It’s been a big year for roses in one small Georgia city. In January, Thomasville received notice from the state capital: it is now the official Rose City of Georgia. To commemorate, Thomasville will do what it’s done best since the 1920s—throw a humongous, petal-filled party.
This week will mark 95 years of the annual Thomasville Rose Show & Festival, the oldest rose festival in the South (April 21-23). The celebration opens with an art exhibit on Thursday and continues with a parade on Friday that leads to a street dance backed by a beach-music party band. Throughout the weekend, there will be house tours of a quirky Thomasville landmark—the Queen Anne style 1885 Lapham-Patterson house built with an intentional lack of symmetry. But these are all just side items for the main dish—a spectacular competitive Rose Show.
Vegetables—not roses—can be thanked for starting it all nearly a century ago. In 1920, a few Thomasville ladies won first place for their garden bounty display at the State Fair in Macon. They pooled their $25 winnings as seed money to throw Thomasville’s first rose show in 1921. Neel’s Department Store agreed to display the flowers in the front corner of the shop, but locals brought so many roses that the plants overflowed to every counter and all over the upstairs balcony. The show has been a Georgia favorite ever since.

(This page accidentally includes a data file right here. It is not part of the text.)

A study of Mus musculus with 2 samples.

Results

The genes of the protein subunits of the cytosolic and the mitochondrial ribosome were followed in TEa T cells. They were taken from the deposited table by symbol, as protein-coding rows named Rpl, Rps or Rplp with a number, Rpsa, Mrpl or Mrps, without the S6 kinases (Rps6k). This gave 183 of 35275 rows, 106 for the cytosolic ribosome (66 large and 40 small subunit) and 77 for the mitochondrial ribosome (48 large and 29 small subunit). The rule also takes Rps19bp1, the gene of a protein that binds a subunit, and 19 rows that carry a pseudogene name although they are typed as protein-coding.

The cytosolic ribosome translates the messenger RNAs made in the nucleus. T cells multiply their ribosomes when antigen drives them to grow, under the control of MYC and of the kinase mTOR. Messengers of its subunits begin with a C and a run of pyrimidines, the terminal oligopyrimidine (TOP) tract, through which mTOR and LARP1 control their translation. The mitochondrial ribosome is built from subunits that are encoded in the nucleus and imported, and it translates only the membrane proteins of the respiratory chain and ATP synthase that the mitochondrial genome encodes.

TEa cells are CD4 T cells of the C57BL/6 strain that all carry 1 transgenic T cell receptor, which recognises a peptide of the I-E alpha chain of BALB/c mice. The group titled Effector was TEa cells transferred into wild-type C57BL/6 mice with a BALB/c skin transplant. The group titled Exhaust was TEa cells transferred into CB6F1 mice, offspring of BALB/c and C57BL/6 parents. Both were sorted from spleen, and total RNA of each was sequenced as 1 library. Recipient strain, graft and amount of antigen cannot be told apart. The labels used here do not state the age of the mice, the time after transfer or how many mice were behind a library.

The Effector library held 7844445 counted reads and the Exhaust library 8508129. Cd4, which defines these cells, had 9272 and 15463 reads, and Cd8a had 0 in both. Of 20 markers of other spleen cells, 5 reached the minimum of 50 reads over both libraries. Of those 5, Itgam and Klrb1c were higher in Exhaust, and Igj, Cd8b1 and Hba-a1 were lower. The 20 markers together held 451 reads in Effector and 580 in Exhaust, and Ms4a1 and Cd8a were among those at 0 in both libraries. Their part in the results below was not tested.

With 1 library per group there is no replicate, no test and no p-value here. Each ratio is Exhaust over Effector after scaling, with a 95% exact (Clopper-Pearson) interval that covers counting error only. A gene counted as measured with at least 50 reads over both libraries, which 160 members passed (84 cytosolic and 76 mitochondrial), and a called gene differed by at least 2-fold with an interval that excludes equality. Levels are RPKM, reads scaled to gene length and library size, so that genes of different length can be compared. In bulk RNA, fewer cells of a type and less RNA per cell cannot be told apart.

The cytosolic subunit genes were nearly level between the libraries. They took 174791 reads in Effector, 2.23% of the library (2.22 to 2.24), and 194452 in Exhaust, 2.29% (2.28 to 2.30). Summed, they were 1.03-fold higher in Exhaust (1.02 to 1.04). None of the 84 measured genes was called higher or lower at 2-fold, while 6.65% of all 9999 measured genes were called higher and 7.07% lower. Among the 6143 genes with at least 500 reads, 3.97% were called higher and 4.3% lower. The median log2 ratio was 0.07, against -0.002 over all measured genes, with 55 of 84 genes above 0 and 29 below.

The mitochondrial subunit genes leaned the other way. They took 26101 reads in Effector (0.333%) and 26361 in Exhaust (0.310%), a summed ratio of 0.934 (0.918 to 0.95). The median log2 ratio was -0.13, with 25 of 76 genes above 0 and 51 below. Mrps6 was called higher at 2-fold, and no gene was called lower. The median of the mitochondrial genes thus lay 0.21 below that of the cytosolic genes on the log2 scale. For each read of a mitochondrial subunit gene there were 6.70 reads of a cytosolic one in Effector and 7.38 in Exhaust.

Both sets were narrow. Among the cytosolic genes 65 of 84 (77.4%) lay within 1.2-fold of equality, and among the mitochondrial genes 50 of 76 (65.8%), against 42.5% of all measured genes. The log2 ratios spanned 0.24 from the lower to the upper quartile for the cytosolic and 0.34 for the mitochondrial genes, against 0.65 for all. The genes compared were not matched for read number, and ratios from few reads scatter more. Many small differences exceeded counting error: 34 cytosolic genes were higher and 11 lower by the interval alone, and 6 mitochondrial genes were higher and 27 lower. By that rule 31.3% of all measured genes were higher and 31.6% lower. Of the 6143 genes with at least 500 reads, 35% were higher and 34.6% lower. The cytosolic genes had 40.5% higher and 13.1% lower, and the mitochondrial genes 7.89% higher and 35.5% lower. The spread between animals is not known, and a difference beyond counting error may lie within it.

For the festival, locals decorate storefronts and Victorian cottage homes with flowers, the city maintains eighty-five rose beds all over downtown, and 1,500 bushes are grouped en masse at the Thomasville Rose Garden near Cherokee Lake Park. All paths lead to the rose show, where at least one hundred rose bushes sell quickly and row upon row of cut specimens line up for visitors and American Rose Society judges from all over the country. Judges will crown a Queen of Show and King of Show.
With this year’s festival honoring a generations-old legacy in Thomasville, it’s no surprise there will be a special category for heirlooms dating back to the mid-nineteenth century. “So many people in Thomasville have old roses in their gardens,” says Joanne Maxheimer, Thomasville Rose Society co-president. “They’re a crowd favorite, partly because we remember them from our grandmother’s garden, but also because they are beautiful and fragrant and remind us of yesteryear.”
For more information about this year’s Rose Show & Festival, click here.